Wave of Office Lease Expirations Set to Impact CMBS Market
Office vacancies nationwide reached an all-time high at the start of the year, and CRED iQ’s data shows roughly 217 million square feet of office space have leases with expiration dates in 2024 or 2025. As tenants regroup and resize their office footprints, CRED iQ explored the intersection of record vacancy rates with near- and medium-term lease expirations.
Downsizing and non-renewal by office tenants is a contributing factor to headwinds facing the office sector, which has been plagued by sustained growth of remote working and tenants’ need to shed space, reduce real estate costs, and right-size physical footprints during a period of economic uncertainty.
A high-level view of lease expirations provides a general sense, or foreboding in some instances, of the mechanics that the office sector needs to work through as the property type falls out of favor with lenders, investors and other commercial real estate industry constituents. Lease expiration analysis offers an important dimension to evaluate when and where the next pockets of elevated office distress will materialize.
Office collateral has been a primary contributor to incremental distress in CRE throughout 2023. CRED iQ’s distressed rate for CMBS office loans, which includes delinquent loans and specially serviced loans secured by office collateral, was 9.9 percent as of December 2023. Furthermore, the distressed rate for office collateral has more than doubled compared to 12 months prior.
CRED iQ examined over 866 million square feet for CMBS office and mixed-use collateral properties. For this exercise, CRED iQ focused on lease rollover over the next five-plus years. It should be noted that office collateral securing CMBS does not represent the entire office market, but rather serves as a proxy to identify challenges facing the larger universe of office properties.
Our analysis found that more than 500 million square feet of net rentable area (NRA) is scheduled to expire over the next five years for office and mixed-use properties secured by CMBS loans, and that 112 million square feet of office space is set to expire in 2024. Another 105 million square feet is also slated to expire in 2025 for a total of 217 million square feet of near-term rollover risks.
Lease expiration figures were further parsed by geographic location to provide a granular view by metropolitan statistical area (MSA). A detailed view of lease expirations by individual office markets helps identify which MSA vacancy rates are at risk of being stressed. The data was parsed to isolate the next two years and the next five years.
In both time frames, the New York region had the highest gross space in the country and the most leases scheduled to expire. More than 173 million square feet of leases in the New York region are scheduled to expire in through 2028, with 32 million square feet scheduled to expire in 2024 and 2025.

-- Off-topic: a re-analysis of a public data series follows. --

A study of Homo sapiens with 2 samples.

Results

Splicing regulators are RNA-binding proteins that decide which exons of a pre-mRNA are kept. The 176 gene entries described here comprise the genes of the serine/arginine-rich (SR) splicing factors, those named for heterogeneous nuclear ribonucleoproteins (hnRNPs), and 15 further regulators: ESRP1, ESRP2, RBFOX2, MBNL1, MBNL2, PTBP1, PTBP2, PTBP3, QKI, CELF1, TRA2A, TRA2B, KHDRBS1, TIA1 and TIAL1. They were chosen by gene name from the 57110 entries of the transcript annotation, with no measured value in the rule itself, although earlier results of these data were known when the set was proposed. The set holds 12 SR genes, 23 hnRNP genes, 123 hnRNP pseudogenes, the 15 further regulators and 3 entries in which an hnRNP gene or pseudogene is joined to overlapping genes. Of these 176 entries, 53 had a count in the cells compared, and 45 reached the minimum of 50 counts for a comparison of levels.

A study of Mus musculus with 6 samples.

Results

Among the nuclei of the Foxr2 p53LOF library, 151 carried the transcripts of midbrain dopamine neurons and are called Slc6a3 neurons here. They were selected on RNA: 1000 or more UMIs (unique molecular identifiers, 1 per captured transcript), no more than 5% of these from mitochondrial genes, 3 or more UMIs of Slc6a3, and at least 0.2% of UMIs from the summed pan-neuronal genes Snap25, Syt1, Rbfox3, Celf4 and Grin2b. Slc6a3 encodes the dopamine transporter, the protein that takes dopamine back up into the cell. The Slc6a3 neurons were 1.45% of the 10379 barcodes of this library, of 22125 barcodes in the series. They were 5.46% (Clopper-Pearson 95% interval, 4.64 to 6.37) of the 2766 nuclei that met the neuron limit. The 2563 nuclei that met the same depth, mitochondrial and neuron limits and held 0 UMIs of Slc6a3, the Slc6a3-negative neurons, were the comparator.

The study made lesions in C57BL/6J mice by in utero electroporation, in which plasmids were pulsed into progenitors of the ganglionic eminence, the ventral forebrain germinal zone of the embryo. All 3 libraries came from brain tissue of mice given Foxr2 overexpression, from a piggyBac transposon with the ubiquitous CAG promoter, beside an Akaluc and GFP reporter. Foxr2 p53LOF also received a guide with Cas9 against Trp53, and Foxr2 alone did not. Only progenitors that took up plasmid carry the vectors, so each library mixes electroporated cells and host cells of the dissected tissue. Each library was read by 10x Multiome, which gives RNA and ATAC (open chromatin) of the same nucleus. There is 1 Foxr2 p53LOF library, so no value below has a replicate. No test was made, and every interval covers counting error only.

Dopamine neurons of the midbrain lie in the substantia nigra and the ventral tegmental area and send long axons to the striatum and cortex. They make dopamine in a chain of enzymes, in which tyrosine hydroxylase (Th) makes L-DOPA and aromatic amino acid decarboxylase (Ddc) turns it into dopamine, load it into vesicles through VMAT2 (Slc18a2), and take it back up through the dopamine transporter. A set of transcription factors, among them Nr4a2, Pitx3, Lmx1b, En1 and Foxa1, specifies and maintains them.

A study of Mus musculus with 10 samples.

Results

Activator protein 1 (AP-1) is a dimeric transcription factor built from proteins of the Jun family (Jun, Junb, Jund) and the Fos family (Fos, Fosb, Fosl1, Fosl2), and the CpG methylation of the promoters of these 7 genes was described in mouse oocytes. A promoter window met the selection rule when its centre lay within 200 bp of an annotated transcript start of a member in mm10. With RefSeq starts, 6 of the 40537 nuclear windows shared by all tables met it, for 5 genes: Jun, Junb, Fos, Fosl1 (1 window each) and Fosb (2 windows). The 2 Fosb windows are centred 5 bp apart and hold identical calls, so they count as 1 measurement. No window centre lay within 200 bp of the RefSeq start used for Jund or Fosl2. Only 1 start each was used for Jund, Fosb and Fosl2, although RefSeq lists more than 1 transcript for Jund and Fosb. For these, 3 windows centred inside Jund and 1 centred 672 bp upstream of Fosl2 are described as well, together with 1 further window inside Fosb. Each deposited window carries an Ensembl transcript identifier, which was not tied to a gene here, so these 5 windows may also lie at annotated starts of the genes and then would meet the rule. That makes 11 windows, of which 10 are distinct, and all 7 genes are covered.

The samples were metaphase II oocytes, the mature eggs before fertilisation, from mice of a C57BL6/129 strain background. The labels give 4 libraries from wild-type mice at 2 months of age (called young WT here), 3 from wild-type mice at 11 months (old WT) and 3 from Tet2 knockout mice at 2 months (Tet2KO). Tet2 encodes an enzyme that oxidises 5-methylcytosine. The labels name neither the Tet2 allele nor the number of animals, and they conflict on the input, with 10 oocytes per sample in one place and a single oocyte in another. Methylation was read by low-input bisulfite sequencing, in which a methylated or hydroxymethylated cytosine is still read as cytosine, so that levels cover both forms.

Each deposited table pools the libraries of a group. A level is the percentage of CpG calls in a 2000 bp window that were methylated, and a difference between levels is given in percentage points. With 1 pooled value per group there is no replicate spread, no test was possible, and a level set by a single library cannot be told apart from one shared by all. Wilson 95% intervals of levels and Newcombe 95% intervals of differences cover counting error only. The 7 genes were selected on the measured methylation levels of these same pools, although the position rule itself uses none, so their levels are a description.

Other noteworthy regions with elevated lease rollover in the next two years include the markets of Los Angeles (15 million square feet), Chicago (12 million square feet), Philadelphia (9 million square feet) and San Francisco (8 million square feet), accounting for an aggregate 44 million square feet.
Major office assets to monitor in 2024
The $940 million loan secured by the Worldwide Plaza office tower in New York City will be facing increased vacancy in 2024 with 33 percent of the NRA scheduled to expire. The 2024 lease rollover is highly impacted by the second-largest tenant, Cravath, Swaine & Moore’s lease expiration on Aug. 31. The tenant currently represents 30 percent of the NRA and has confirmed it will be terminating its lease at expiration to downsize and relocate to Hudson Yards. Two additional top five tenants have leases scheduled to expire in the next five years including Worldwide Plaza Garage (6 percent NRA, 2027) and WNET.org (5 percent, 2026). The property was 91 percent occupied as of September 2023.
More than 1,500 leases from tenants that are the sole occupant of a property are scheduled to expire in the next five years. This represents 161 million square feet (19 percent) of the total NRA set to expire. Over 275 leases are scheduled to expire in the next two years, however the highest number expire in 2028.
The Google and Amazon office portfolio is backed by two sole-tenant office properties in the San Jose market. The Technology Corners property (700,000 square feet) and Moffett Towers Building D (357,000 square feet) are leased by Google and Amazon, respectively. Google accounts for 66 percent of the portfolio NRA with a lease expiration scheduled on Sept. 30, while Amazon’s lease expires on Feb. 29. Neither tenant has early termination options, however Google has a seven-year renewal option and Amazon has two seven-year renewal options. Servicer commentary indicates the borrower is negotiating with Google for a renewal. On top of the upcoming lease expirations, the $412.4 million loan is scheduled to mature this month.
To be fair, many tenants will renew or even expand footprints in certain office buildings. However, rising vacancy rates — in excess of 20 percent and even reaching 30 percent in certain markets — indicate a high level of risk that many tenants will downsize or fail to renew altogether. Lease expirations may have possibly favorable outcomes for office landlords, including a renewal or a new direct lease that resets rents higher if market conditions allow. However, high vacancies and downward pressures on net effective rents may lead to reductions in cash flow and trigger subsequent distressed scenarios.
Mike Haas is the founder and CEO of CRED iQ.